I've had such ill luck with the latest crop of premium burger places in Houston that I held out no great hopes for Elevation Burger, a franchise operation out of the D.C. area with snappy blue-and-white trade dress and the usual promises of quality, quality, quality. But surprise: I liked my first visit a lot. Here's the deal.
*PRICE:$6.99 Elevation burger with cheese; $2.79 french fries; $4.50 chocolate shake.
*ORDERING: Step up to the counter and place your order, then find a table. They'll bring your food to you if it's not too busy; otherwise you fetch it from up front when they call your order.
*ARCHITECTURE: It's a build-your-own-burger proposition here, picking from the assorted condiments and vegetables on offer. and here's how my standard Elevation cheeseburger stacked up, with salad stuff on the bottom. On a toasted bun went a swipe of balsamic mustard, a scattering of hot pepper relish, some thin raw onion rings, a very thin slice of tomato and an iceberg lettuce leaf. Then came a quarter-inch patty topped with a square of cheddar cheese, followed by another quarter-inch patty topped with a second square of cheddar. Over and out.
*QUALITY:The expansive flavor of the fresh-ground, grass-fed beef really made this burger. They cook to the upper end of medium here, yet the patties retained their juices and had a nicely coarse crumb to it, with a decent sear. The taste was compelling enough that I could have eaten the burger plain, with absolutely no adornments, and been reasonably happy.
But that wouldn't have been nearly as much fun as the racy flavor profile I got by combining the tart heat of the red-pepper relish with the sharp, subtly sweet edge of the balsamic mustard and the savory bloom of raw onion. I admired the way the thin-cut tomato and modest amount of lettuce didn't take over the sandwich; and the way the melty squares of cheddar delivered a serious cheesy pop, Last but by no means least, I approved of the way the modestly proportioned bun provided adequate support while remaining in the background. Elevation takes a risk by keeping its meat-to-bread ratio this high. (At a certain point, the bottom bun could compress to a vanishing point, but it didn't.) To my mind, the risk pays off.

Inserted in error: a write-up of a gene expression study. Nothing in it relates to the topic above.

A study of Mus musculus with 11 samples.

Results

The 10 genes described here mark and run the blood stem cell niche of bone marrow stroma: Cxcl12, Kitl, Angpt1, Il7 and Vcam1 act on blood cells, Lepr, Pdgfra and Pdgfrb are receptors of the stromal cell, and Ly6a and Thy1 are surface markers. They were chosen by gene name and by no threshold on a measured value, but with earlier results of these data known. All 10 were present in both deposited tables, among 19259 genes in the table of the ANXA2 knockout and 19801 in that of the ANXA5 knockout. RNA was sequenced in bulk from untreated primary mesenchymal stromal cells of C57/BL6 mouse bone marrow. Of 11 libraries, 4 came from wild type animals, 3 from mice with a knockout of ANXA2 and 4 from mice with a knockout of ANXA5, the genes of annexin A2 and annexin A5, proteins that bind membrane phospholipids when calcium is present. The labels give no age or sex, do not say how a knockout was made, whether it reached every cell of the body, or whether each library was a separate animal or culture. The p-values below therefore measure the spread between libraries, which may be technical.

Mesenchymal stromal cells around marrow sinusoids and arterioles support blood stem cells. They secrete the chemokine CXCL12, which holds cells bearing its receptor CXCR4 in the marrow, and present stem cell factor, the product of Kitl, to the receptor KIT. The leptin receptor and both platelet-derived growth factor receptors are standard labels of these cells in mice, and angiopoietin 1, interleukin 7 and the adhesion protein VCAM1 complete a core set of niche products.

*OOZE RATING: good.
*GRADE: solid A.
*BONUS POINTS: Good, thick Blue Bell shakes with a list of semi-preposterous add-ins that are included with the price. (Tempted by the thought of black cherry in your chocolate shake? Don't be: the too-sweet syrup involved just muddies the waters.) And the skinny French fries done in olive oil are surprisingly effective: crisp, hot, and clearly fried to order.
*LOCAL COLOR:The remake of a little Thai restaurant on Kirby near the Southwest Freeway has transformed the space into a sleek but antiseptic box with the air of a college cafeteria. It's pleasant enough, with its selection of regular tables, high bar-type seating and informal picnic tables, but the factor that warms everything up is the friendly, caring service. It's the best I've ever encountered in an upper-end burger joint. I wasn't surprised to see customers from students to middle-aged professionals being greeted like regulars. I felt like one by the time I walked out the door, vowing that I'd come back on my own dime.
Elevation Burger, 3819 Kirby Drive, 713-524-7909.